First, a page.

DIP(Direct injection moulding process):
In this process either sock lasted or string lasted upper is pressed to a sole shaped mould. The PVC sole compound is injected and it forms a permanent bond with the upper.
In this process for textile and vibox application of primer and cement is necessary and in case of leather lasting margin should be roughened. In this case the sole has long wear ability.
Many men’s work shoes, some casuals, children shoes and canvas footwear are made by the DIP process.
1.Area in contact with the foot is smooth and comfortable.
2. No stitches.
3.The sole in many cases extending over the side edges is bound to the upper.
1.Soles are attached to the upper in a single operation.
2.Shoes wear longer and offer good performance with completely water resistant.
DVP (Direct vulcanizing process):
Vulcanization is a chemical process used to harden rubber. Vulcanization traditionally referred to the treatment of natural rubber with sulfur and this remains the most common example, however the term has also grown to include the hardening of other (synthetic) rubbers via various means.
Vulcanisation can therefore be defined as the curing of elastomers with the terms 'vulcanization' and 'curing' sometimes used interchangeably in this context. It works by forming cross-links between sections of polymer chain which results in increased rigidity and durability as well as other changes in the properties of the material. Vulcanization with the curing of other thermosetting polymers is generally irreversible.
The word vulcanisation is derived from Vulcan, the Roman god of fire.The process was discovered in 1839 by the U.S. inventor Charles Goodyear, who also noted the important function of certain additional substances in the process. Such a material, called an accelerator (q.v.), causes vulcanization to proceed more rapidly or at lower temperatures. The reactions between rubber and sulfur are not fully understood, but in the product, the sulfur is not simply dissolved or dispersed in the rubber; it is chemically combined, mostly in the form of cross-links, or bridges, between the long-chain molecules.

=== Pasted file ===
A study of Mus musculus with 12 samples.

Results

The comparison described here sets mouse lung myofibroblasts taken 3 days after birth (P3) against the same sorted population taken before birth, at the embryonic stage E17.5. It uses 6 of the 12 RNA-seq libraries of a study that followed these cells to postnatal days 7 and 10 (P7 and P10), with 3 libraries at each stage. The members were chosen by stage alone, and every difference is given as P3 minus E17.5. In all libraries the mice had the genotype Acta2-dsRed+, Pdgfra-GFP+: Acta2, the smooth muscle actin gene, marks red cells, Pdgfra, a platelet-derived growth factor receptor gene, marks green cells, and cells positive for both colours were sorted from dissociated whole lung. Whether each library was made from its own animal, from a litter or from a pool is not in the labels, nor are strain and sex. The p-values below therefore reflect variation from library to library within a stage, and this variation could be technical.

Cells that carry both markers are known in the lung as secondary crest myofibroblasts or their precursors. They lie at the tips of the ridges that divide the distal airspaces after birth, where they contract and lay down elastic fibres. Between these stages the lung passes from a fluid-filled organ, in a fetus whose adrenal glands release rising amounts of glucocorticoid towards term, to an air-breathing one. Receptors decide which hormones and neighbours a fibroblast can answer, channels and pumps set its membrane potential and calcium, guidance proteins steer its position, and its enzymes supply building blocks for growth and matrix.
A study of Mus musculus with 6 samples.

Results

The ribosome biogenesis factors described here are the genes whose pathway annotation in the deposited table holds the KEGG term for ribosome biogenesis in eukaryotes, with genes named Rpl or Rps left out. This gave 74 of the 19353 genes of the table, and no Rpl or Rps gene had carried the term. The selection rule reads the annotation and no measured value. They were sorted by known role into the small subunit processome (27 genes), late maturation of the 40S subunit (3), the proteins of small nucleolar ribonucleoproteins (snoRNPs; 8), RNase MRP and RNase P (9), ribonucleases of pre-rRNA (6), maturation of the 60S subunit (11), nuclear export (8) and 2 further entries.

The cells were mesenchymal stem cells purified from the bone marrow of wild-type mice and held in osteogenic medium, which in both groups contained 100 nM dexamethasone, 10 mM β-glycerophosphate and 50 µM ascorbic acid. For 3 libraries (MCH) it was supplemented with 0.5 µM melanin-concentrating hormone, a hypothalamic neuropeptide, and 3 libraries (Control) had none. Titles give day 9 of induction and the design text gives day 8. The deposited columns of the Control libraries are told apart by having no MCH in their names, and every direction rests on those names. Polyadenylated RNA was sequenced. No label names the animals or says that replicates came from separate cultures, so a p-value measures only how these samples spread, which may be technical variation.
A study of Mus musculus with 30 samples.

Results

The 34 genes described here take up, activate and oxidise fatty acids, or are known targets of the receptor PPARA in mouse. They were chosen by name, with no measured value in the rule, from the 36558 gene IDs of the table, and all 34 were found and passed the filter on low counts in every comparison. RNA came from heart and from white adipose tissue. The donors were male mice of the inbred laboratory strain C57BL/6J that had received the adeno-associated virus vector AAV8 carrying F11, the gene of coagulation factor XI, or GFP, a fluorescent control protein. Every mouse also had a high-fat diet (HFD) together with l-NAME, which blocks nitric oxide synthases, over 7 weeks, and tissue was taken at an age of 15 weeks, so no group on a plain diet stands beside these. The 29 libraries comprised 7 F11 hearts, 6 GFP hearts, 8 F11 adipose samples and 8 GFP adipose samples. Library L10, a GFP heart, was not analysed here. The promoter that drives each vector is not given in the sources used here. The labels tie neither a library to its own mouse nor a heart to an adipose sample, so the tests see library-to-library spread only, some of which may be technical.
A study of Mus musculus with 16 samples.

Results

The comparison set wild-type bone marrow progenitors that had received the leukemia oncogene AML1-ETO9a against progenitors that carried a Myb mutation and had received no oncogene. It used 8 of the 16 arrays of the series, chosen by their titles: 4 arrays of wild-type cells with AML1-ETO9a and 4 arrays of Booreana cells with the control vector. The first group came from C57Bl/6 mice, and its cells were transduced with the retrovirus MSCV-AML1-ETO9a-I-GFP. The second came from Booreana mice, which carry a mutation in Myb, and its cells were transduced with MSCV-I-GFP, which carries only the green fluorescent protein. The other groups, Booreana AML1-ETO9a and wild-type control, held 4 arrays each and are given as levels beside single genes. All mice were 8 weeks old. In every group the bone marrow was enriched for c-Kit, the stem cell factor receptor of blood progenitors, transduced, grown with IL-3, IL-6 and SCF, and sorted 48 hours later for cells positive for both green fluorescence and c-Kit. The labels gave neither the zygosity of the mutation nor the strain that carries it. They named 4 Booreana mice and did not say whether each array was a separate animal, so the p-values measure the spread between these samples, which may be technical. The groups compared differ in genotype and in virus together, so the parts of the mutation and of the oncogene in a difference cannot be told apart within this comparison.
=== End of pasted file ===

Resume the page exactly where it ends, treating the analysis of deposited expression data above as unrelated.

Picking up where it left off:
Rubber can be vulcanized in many ways using different chemicals normally a sulfur mix or by a combination of heat and chemicals. This curing process transforms the rubber from being easy to break, soft and gummy to a durable yet flexible material suitable for demanding conditions such as footwear or car tires.
In the footwear industry the most common way to vulcanize is by heat and chemicals. The rubber need to reach a temperature of 170 degrees to vulcanize properly. This temperature creates limitations in what kind of materials should be considered for a vulcanized shoe. Polymer based fabrics such as polyester, poly-amide or plastic eyelets etc pose big risk of melting in the process. However, there are also heat resistant polymer based materials suitable for vulcanization.
Due to the temperature the lasts used for vulcanized production is made out of aluminium to sustain the heat but also to spread it evenly throughout the product.
The lasting method is normally board lasting where the upper is assembled in the same way as for a cementing construction but dressed around an aluminium last.
The bottom outsole is either calendar or molded and then a foxing tape is wrapped around the connection of the outsole and the upper to hide the gap. Calendar soles are made by running a continuous sheet of uncured rubber through a dual-roller press. The top roller is etched with a tread pattern while the bottom roller is smooth. Once pressed, the soles are cut to shape by either a cutting die or by hand. The uncured soles are then applied to the upper boot and vulcanized together to form a seamless permanent chemical & physical bond.